Some people wait for the big break that opens the door to the performing arts. Eric Glissmeyer feels he at least has his foot in the door.
Glissmeyer is a graduate student in vocal performance at Brigham Young University. He is also singing a secondary role in the Utah Opera Company's current production of "Otello," Giuseppe Verdi's opera based on one of Shakespeare's plays.Judith Frisbie-Goins, public relations and advertising director for Utah Opera, said providing opportunities for talented young people is the purpose of the opera company.
"Montano is not a large role," Glissmeyer said. "But they have made me feel important playing it."
Lila Stuart, Glissmeyer's teacher, said, "Eric has a natural stage savvy that even many professionals don't have."
He is very well-studied in all aspects of being a performer, said Stuart, who teaches voice at BYU. And she says he's a quick study. "If one were to make a list of the most important things about singing, the voice itself would not be No. 1."
Glissmeyer gets to show off this talent in Otello. His character is part of a choreographed sword fight.
"He needs the exposure on stage, but he is not quite ready for the `Iagos' (a larger role in Otello)," Stuart said.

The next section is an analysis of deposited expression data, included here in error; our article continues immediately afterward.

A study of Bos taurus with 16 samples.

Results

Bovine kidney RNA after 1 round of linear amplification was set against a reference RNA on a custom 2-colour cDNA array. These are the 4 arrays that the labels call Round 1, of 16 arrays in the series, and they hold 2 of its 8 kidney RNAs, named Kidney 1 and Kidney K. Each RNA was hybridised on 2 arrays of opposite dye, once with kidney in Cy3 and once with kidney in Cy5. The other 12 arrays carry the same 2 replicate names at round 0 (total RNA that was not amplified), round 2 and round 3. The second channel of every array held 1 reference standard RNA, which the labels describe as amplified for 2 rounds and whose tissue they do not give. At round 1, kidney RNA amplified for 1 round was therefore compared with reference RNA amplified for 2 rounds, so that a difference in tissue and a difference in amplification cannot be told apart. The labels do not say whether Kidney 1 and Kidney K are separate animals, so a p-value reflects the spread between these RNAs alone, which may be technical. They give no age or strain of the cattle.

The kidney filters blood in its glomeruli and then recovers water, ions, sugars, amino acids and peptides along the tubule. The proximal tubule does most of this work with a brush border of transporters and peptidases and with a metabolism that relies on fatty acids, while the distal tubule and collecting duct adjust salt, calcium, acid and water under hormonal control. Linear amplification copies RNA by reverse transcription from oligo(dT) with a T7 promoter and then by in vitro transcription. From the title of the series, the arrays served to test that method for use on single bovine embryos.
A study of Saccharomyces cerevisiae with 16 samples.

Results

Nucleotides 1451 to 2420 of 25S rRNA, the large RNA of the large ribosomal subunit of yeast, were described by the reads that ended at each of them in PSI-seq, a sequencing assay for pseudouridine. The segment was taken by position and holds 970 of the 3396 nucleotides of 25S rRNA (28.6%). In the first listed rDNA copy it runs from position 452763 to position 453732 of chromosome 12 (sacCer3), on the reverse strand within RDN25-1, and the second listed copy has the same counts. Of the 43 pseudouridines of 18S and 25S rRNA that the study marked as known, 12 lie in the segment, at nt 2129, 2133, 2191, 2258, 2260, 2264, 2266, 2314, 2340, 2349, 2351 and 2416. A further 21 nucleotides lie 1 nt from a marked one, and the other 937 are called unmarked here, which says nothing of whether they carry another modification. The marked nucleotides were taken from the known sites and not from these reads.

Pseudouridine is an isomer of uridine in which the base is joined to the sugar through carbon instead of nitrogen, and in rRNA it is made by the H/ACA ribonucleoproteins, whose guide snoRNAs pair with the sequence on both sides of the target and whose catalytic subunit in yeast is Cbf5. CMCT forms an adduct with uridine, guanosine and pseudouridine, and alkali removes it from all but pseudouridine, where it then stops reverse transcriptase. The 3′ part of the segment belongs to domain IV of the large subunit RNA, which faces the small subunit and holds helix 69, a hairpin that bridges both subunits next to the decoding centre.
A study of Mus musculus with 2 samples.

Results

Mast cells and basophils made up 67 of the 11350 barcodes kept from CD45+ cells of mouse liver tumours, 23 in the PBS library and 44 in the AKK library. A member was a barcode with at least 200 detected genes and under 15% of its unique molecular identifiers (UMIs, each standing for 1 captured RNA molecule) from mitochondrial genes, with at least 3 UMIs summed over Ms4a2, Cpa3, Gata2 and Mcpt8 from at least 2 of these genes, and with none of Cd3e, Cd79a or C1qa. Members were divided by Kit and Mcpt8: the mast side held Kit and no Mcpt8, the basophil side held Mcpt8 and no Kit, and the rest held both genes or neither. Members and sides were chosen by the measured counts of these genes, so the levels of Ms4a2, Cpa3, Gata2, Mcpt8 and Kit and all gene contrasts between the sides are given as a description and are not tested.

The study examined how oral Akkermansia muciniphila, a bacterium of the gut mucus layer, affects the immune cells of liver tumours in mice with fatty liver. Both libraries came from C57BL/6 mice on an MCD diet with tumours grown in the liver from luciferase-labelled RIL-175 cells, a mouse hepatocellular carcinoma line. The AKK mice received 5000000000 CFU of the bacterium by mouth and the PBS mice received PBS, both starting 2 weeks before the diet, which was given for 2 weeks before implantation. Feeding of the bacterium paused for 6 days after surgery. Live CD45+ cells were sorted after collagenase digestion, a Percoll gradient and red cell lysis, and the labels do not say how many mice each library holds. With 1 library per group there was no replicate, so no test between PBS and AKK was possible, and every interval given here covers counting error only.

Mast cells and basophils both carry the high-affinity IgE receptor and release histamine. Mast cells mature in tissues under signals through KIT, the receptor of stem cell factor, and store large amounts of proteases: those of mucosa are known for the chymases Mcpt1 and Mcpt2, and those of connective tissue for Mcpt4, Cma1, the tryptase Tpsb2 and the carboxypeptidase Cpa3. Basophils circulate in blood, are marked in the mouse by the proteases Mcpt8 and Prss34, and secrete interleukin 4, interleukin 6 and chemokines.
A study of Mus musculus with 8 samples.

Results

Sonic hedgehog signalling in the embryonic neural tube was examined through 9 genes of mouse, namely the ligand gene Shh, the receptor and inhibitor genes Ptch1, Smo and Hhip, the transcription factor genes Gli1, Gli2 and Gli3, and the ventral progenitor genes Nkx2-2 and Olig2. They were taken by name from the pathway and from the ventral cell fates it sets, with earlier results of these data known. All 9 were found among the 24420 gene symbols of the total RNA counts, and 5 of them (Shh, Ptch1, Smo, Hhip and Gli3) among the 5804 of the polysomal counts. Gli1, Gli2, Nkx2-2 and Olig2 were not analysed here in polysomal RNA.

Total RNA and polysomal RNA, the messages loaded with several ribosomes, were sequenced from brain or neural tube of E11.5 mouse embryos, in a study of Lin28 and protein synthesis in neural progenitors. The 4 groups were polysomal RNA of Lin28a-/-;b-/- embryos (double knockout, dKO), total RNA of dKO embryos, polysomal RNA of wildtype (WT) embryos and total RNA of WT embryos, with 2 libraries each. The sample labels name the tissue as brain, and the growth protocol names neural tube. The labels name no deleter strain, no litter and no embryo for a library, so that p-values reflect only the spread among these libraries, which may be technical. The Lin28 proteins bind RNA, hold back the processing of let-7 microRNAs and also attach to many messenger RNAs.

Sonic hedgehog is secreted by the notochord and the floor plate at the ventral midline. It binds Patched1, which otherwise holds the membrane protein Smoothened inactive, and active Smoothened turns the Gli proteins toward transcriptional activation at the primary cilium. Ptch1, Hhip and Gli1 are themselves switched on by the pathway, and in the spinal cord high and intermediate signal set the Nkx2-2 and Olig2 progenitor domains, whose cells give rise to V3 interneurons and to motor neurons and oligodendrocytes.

Glissmeyer said he feels he is treated like a professional at the opera, so he feels more pressure to act like one.
"I feel like they trust me," he said. "They coached every little nuance in all 10 of my lines, and if I am told to walk as a 45-year-old would walk, I do. End of discussion."
"He is tireless in his musical perfectionism," Stuart said. Although Glissmeyer still has two years before he finishes his master's degree, he said it is nice to be a "little fish" in a big pond. It makes him work harder.
Glissmeyer hasn't always been a little fish.
Stuart said Glissmeyer has already done a lot of larger roles in BYU productions and he is ready for the opportunity to do something more professional.
At BYU, he sang in productions of La Boheme, Madame Butterfly and had a leading role in Carmen.
But one big difference between a university-level production and a professional production is that rehearsals on a professional level are much more efficient, Glissmeyer said.
Though they love it, opera performers rehearse because it is part of their work, he said.
"Another big difference between professional work and work at BYU is the sense of ensemble," he said.
At BYU, performers had classes together, sang together in other groups and were close friends outside of the opera rehearsals, he said.